The Hype Cycle for Chloroquine Is Eerily Familiar

It now appears that the “invisible enemy,” as President Trump calls Covid-19, will not be routed by hydroxychloroquine, the 70-year-old malarial drug that he and his media allies repeatedly hyped as a potential miracle cure.

A preliminary study based on clinical data from researchers in several countries found “no evidence” that hydroxychloroquine is a useful coronavirus-fighting weapon. Additional research funded by the National Institutes of Health and the University of Virginia has recently posted similar findings. So much for Trump’s “game changer.” As one critic in The Washington Post put it, the president “could have let the science lead and his own rhetoric follow.”

But here’s the thing: Trump did follow the science. (Bear with me for a minute.) So did all the Fox News hosts who breathlessly touted hydroxychloroquine after an initial, peer-reviewed study appeared in a respected scientific journal on March 21, reporting that the drug was an “efficient” coronavirus treatment.

This study was greeted skeptically by the medical community. Some highlighted flaws in the study’s design and methodology. Others pointed to the controversial French researcher behind the finding, who, it turns out, has a dubious history. Even the professional scientific society that published the study in its flagship journal has since distanced itself from the paper.


In hindsight, it’s easy—and correct, no doubt—to blame these influential boosters for generating that groundswell of unwarranted attention. But it’s important that we recognize the pattern underneath: Bad ideas like this one often grow their roots in solid-seeming science (not just Reddit or Youtube conspiracy channels), then attach themselves to pollinators within the media or political landscape, who continue to spread them even after the underlying claims have been debunked.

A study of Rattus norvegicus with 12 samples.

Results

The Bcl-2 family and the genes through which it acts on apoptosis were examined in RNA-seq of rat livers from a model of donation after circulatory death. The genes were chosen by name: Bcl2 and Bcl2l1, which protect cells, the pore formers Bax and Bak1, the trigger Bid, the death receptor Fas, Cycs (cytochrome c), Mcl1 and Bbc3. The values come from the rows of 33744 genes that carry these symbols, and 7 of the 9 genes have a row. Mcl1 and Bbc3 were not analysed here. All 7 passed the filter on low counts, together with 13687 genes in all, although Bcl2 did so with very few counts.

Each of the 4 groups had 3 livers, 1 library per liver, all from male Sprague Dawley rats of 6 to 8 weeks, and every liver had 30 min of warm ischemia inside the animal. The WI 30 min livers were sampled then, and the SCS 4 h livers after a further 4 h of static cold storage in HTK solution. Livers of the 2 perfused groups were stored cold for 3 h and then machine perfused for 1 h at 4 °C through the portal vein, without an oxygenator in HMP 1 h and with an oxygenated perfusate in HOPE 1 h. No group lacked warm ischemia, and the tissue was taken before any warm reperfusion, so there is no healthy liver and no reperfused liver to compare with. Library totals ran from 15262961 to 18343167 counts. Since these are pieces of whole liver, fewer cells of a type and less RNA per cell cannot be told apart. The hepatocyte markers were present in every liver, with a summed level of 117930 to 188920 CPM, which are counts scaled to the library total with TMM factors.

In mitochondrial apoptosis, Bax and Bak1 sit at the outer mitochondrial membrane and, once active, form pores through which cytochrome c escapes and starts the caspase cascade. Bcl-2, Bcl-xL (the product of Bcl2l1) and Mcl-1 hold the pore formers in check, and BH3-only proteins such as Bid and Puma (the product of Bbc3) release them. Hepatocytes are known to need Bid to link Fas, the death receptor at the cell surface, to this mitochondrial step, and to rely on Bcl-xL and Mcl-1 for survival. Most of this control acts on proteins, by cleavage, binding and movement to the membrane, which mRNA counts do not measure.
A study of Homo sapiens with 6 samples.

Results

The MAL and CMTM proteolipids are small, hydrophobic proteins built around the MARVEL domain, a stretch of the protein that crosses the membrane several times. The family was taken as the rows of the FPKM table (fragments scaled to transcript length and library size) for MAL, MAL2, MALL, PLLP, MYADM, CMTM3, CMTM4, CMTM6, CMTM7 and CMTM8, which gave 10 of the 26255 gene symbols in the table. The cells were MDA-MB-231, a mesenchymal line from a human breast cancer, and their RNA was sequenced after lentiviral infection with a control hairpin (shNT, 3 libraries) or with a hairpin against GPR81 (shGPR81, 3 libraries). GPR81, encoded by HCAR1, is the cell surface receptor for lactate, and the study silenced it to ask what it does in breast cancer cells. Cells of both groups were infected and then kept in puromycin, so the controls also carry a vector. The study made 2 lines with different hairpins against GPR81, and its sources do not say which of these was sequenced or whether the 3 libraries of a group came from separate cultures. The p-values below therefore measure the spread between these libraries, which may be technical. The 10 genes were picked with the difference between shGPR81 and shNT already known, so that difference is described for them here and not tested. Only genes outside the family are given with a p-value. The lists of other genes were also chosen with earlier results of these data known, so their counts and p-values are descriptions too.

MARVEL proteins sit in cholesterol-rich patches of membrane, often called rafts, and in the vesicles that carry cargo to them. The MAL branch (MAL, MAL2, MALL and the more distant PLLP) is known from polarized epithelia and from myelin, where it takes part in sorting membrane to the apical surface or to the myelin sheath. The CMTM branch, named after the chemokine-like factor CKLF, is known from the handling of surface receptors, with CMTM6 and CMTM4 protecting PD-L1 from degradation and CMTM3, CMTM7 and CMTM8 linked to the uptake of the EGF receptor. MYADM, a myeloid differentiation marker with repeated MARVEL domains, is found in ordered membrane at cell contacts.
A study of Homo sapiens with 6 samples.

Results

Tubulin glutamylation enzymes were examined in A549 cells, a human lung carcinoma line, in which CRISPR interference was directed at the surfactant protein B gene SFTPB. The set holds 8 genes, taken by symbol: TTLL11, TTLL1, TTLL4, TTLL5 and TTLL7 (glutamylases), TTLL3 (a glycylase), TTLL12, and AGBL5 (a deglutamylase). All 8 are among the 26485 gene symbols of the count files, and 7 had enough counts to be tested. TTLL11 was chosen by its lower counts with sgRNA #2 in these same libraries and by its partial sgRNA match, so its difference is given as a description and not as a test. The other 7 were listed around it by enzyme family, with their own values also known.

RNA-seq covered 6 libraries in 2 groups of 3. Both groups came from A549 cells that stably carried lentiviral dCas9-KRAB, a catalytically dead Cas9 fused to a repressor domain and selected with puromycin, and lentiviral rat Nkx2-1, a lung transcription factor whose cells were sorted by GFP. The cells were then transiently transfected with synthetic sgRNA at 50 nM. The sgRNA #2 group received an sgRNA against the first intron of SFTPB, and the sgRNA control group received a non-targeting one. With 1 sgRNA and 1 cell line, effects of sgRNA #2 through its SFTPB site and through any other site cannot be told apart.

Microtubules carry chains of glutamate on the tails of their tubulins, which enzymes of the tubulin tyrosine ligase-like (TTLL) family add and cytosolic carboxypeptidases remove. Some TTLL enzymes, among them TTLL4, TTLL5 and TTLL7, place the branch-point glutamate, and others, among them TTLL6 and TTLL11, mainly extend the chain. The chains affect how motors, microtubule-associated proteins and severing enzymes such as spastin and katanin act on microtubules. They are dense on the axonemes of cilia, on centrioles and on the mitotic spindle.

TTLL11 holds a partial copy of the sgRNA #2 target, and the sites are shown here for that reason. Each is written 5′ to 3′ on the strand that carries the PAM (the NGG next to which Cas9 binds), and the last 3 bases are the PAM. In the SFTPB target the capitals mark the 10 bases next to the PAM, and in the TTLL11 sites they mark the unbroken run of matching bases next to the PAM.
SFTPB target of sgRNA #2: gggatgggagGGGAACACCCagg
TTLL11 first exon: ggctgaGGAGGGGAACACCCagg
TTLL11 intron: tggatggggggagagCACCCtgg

We’ve seen the same life cycle of medical disinformation play out many times before. Exhibit A is the false vaccines/autism narrative. Yes, that claim had (and still has) its famous instigators and evangelists: Jenny McCarthy, Robert Kennedy Jr., Del Bigtree, and so on. But would they have become the faces of a movement absent the idea’s crucial, embryonic publication in a top-tier medical journal? And would that movement have grown so large if not for its nurturing by journalists?

Like other pseudoscience, the modern antivaccine narrative started with the imprimatur of respectable, peer-reviewed research. In 1998, The Lancet published a tiny study (only 11 children were involved) that seemed to show a connection between the measles, mumps, rubella vaccine and autism. Scholars have linked sensationalist and skewed British media coverage of the study to a subsequent decline in UK immunization rates, which didn’t rebound until the mid-2000s. By then, the study had been declared “entirely flawed” by the editor of The Lancet (although it wouldn’t be fully retracted until 2012). Of course, by then, the seed had sprouted.

The same template can be applied to the belief that exposure to radiation from cell phones or Wi-Fi gives you cancer. Once again, it’s tempting to apply the not-great-man theory of history and lay the fear of “electromagnetic fields” at the feet of its most avid and visible proponent, New Yorker writer Paul Brodeur.

As I wrote some years ago at Discover, this strain of fear can be traced, in part, to a series of articles Brodeur published under The New Yorker’s “Annals of Radiation” rubric in the 1980s and early 1990s. He’d already been on this beat for some time, with similarly themed work that turned into a book titled The Zapping of America: Microwaves, Their Deadly Risk and the Cover-Up. (Fans of the movie American Hustle might recall Brodeur’s name being mentioned during the “science oven” scene.)